In brief

A plaintiff in an Australian shareholder class action has been unsuccessful in his attempt to use US procedure to depose the defendant’s former employees who live in New York and California.

Handed down yesterday by the Full Federal Court, the decision in Jones v Treasury Wine Estates Limited [2016] FCAFC 59,1 also restrained a US-based institutional investor (a group member in the class action) from using the US procedure.

Background

In September/October 2015, lawyers for the plaintiff and an institutional investor filed proceedings in the United States District Courts (Northern District of California and the Southern District of New York) seeking to invoke a US procedure (under 28 USC §1782 of the US Federal Rules of Civil Procedure) to conduct discovery for use in a foreign proceeding (namely, the Australian class action). The discovery was sought to be obtained through examination by oral questions, or deposition.

The US proceedings were issued without notice to the defendant or the Australian Court, and before their existence was notified to the defendant, the Californian Court had made orders permitting the issue of subpoenas for the taking of depositions from two of the named individuals, and the New York Court had ordered that a third individual show cause as to why orders should not be made permitting the issue of a subpoena to him.

Application to prevent depositions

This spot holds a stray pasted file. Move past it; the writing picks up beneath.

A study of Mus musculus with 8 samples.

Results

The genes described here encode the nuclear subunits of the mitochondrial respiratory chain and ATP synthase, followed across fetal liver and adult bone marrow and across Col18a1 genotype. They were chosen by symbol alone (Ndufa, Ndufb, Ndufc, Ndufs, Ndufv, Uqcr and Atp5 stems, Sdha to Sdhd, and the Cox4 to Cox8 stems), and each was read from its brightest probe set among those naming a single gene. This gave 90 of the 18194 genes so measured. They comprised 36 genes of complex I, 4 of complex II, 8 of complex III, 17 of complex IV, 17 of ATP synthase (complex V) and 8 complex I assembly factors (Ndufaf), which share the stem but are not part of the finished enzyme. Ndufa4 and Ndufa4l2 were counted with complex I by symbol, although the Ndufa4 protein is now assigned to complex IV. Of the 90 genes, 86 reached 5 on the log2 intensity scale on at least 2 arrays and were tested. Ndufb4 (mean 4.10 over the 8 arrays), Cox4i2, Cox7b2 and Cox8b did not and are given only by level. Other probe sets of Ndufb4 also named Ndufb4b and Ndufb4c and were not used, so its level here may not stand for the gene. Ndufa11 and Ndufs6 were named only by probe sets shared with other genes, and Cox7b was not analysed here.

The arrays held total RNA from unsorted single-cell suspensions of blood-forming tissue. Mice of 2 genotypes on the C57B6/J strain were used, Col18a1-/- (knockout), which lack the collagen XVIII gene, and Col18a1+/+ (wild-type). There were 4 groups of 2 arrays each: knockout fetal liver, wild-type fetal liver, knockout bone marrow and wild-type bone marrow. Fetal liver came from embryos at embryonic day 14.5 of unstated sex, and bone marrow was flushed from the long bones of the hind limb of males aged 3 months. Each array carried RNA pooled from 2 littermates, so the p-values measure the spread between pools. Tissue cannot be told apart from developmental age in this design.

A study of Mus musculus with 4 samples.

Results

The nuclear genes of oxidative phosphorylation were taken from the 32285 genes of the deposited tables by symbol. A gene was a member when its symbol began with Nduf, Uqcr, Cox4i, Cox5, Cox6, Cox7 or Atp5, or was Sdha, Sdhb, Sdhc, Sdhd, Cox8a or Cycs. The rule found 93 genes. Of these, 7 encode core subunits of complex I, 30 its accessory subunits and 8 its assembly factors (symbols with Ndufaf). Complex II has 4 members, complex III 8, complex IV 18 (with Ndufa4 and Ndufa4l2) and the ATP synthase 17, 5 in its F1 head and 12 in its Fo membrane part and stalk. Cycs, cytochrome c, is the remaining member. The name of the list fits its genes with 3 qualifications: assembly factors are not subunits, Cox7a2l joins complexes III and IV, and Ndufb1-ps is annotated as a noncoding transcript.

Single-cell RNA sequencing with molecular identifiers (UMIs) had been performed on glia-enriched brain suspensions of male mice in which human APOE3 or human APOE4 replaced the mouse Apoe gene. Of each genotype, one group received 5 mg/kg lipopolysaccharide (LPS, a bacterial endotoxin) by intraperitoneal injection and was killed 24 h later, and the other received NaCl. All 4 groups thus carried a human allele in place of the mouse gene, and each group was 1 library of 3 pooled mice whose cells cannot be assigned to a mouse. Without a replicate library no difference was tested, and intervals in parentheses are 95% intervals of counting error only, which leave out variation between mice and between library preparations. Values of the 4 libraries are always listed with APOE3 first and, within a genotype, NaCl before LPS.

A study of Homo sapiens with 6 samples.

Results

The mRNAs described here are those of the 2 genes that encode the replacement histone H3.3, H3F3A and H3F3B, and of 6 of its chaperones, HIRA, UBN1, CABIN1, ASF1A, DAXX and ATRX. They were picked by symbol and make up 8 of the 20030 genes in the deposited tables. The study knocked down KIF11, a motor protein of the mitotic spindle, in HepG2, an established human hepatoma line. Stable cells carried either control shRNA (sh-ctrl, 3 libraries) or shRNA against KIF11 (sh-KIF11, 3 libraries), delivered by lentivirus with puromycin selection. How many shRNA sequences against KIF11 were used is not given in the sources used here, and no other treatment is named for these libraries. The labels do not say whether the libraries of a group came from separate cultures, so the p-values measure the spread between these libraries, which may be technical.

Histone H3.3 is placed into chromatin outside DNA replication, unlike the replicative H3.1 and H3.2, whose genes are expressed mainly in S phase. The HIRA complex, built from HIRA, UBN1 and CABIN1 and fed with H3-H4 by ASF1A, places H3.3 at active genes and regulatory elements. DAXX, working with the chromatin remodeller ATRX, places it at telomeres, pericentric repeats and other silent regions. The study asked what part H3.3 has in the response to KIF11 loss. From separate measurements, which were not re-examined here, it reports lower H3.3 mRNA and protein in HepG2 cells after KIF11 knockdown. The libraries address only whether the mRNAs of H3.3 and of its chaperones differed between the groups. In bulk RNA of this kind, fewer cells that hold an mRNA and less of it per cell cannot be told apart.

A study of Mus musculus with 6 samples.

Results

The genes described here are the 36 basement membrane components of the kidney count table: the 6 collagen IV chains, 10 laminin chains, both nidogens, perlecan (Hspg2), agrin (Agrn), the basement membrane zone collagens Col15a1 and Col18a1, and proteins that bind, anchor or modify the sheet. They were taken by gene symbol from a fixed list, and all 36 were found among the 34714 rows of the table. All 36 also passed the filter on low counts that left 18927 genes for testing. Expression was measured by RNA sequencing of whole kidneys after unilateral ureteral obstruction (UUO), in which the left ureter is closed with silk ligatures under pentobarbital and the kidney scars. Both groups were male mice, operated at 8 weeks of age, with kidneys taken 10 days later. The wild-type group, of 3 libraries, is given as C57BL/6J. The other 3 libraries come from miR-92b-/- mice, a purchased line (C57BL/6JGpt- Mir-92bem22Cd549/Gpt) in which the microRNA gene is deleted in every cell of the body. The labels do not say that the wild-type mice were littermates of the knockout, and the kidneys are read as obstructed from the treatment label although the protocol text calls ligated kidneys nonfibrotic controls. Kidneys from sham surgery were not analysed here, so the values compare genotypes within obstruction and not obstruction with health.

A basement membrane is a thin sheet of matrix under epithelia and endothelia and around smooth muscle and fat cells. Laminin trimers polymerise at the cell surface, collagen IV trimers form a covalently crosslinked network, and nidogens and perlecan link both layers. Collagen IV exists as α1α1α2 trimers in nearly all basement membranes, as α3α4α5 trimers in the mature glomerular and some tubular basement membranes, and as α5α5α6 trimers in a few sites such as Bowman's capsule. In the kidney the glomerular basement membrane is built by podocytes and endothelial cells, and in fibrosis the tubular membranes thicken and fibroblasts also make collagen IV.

The defendant applied to the Federal Court for an anti-suit injunction to restrain the plaintiff and investor from pursuing or participating in the depositions.

The Chief Justice of the Federal Court determined that the matter was of sufficient importance that it be referred directly to the Full Court for hearing.

Defendant’s application for anti-suit injunction successful

The Full Court granted the relief sought by the defendant. The Full Court accepted the defendant’s submission that the Court’s recent discovery reforms and case management regime would, in the circumstances of the case, be undermined by the US proceedings unless the injunctive relief were granted. The Court found that the applications for depositions were patently made in order to obtain the benefit of processes not usually available in the Australian Court.

The Full Court’s judgment states that it is vital that its proceedings and pre-trial processes are solely subject to supervision by it, particularly in the context of a class action. The Court observed that anti-suit injunctions have been granted previously by the Federal Court and other Australian Courts in order to protect their processes (eg in Pathway Investments Pty Ltd v National Australia Bank Ltd (No 2) [2012] VSC 495).

Approach in future matters?

The Court did not rule out that Australian parties’ legal representatives might invoke the US procedure in future, but it held that orders for depositions under the US §1782 procedure will only be permitted in exceptional cases and such orders should not be obtained without notice to the other party and without the prior knowledge and endorsement of the Australian Court.